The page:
The parts of a watch

A simple mechanical watch contains roughly 130 components. More complex watches contain hundreds of parts. The Calibre 89 made by Patek Philippe contains 1728 parts and is probably the most complex watch ever produced.

The Blancpain 1735: the most complicated automatic winding wristwatch to be produced in a series © Blancpain

The main parts of a simple mechanical watch include:

  • the mainspring, which provides the power
  • the balance wheel and hairspring, which oscillate, thereby marking the division of time
  • the escapement, which distributes the impulses from the oscillator
  • the gear train, which transmits the power
  • the winding stem (in manually wound watches) or the oscillating weight (in self-winding watches)
  • the dial train, which activates the hands

The internal mechanism of the watch is called the movement.


A complex watch displays much more information than simply the time of day. Such extras are known as complications. They may commonly include a display of the day of the week and of the month, and a stop watch facility. Chimes are another kind of complication. If a watch contains all of these, plus astronomic indications, it is called a grand complication.

The complications of the Patek Philippe Calibre 89 include the phases of the moon, the date of Easter, the times of sunrise and sunset, indications of sidereal time and a star chart. The watch was made to mark the 150th anniversary of the firm in 1989; only four were produced. One was sold at auction in Geneva in 2004 for over 6.6 million Swiss francs.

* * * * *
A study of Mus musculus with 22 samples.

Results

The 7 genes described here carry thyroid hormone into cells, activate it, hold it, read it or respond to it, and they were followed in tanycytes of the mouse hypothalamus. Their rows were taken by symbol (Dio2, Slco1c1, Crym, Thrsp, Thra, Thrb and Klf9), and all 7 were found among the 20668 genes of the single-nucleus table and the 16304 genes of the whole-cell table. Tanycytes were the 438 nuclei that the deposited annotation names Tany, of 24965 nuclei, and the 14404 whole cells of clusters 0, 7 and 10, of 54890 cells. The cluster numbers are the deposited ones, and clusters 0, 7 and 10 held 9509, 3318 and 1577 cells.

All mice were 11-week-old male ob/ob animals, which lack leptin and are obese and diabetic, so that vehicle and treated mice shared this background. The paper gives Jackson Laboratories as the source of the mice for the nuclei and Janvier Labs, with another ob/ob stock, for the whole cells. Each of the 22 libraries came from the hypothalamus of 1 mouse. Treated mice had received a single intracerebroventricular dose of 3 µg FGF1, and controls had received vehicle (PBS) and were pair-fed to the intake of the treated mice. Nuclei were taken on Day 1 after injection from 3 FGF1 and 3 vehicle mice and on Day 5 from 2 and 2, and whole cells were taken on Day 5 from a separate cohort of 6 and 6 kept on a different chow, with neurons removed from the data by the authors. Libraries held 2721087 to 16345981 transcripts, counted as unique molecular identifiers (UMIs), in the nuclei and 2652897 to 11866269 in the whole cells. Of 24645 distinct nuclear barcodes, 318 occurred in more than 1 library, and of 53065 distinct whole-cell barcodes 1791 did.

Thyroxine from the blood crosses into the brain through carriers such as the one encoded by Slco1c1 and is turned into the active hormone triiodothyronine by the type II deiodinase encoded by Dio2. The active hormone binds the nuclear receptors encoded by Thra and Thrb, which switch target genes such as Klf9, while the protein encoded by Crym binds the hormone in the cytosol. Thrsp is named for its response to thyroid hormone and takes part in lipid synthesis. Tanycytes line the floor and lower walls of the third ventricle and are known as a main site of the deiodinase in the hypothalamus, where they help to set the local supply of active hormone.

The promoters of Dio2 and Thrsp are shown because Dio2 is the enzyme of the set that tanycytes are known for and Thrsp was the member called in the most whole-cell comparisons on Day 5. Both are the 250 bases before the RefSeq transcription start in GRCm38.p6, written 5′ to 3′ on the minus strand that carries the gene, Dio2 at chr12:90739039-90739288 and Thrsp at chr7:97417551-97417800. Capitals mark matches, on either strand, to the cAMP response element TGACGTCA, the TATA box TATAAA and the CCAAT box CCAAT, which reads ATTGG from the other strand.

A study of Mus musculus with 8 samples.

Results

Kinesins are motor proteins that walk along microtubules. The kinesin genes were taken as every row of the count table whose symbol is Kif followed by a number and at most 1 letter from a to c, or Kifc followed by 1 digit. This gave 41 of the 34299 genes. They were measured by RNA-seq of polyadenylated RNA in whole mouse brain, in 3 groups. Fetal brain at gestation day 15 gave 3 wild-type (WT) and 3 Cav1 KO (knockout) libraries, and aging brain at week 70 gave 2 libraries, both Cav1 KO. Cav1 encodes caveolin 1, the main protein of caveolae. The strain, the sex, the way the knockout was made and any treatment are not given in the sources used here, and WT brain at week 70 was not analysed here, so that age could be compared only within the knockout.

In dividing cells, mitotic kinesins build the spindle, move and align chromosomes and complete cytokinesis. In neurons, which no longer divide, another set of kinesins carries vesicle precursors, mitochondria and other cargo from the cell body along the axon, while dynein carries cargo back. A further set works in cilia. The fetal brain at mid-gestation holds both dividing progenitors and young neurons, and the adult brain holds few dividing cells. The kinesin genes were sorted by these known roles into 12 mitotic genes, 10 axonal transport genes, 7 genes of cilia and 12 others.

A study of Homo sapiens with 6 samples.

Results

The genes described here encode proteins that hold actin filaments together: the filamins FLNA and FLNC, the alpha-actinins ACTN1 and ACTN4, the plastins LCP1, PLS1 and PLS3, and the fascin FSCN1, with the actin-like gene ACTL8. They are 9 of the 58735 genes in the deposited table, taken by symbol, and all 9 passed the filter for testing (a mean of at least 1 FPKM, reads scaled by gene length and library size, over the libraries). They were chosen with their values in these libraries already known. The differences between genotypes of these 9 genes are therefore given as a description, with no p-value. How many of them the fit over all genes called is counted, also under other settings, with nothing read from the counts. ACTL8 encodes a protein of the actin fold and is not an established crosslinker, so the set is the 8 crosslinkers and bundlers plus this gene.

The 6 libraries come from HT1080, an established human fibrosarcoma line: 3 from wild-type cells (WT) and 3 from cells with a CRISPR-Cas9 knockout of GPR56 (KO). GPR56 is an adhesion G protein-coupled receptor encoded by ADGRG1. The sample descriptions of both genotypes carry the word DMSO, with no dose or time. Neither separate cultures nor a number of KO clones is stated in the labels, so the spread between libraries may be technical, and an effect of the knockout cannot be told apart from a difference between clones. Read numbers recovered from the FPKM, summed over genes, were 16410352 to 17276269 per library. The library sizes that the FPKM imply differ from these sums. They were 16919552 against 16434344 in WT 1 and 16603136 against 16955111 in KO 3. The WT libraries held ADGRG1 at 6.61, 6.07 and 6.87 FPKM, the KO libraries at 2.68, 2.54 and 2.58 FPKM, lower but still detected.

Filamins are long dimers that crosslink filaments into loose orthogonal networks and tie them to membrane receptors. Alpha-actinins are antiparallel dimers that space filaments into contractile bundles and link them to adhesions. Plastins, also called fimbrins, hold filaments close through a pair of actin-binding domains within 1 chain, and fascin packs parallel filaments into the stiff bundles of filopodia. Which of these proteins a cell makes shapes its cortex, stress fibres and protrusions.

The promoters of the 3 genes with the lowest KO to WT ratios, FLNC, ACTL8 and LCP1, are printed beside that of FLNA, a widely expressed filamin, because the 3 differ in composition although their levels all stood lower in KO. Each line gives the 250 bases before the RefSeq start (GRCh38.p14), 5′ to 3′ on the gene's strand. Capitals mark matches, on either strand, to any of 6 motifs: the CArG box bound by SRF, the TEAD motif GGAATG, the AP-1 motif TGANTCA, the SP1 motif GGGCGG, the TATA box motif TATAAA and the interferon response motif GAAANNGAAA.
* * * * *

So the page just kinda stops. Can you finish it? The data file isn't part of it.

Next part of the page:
The most complicated automatic winding wristwatch to be produced as a series (limited to 30 pieces) is the Blancpain 1735, which contains 740 components, each one individually adjusted, hand-finished and hand-decorated. Some components are no thicker than a human hair, and their intricacy is such that very few watchmakers have the skills required to make all of the complications. Each watch takes a year to craft.

Watchmakers over the centuries have striven to expand the range of complications. One of the most famous clocks ever made was the “Marie Antoinette”, commissioned for the French queen in 1783 from the great Swiss-born watchmaker, Abraham-Louis Breguet (1747–1807). It incorporated all the advances of the 18th century, but it was such a complex commission it was not completed until after Bréguet’s death, many years after the queen herself had gone to the guillotine.

The virtually unsaleable “Marie Antoinette” passed through many hands, before finding a permanent home in the collection of Sir David Salomon, which he had donated to the L.A. Meyer Memorial Institute of Islamic Art in Jerusalem.  However, this home proved to be not so permanent – on the night of April 15-16 1983, the watch was stolen and its whereabouts remained shrouded in mystery for many years.

In 2005, Nicolas Hayek, who by this time was in charge of a watchmaking empire that included Bréguet, decided to commission an exact replica of the “Marie Antoinette”. Over three and a half years, ten watchmakers worked day and night to recreate the legendary timepiece, relying only on the few drawings and photos of Bréguet’s original to help. To much fanfare, Hayek finally unveiled the exquisite replica at Baselworld 2008.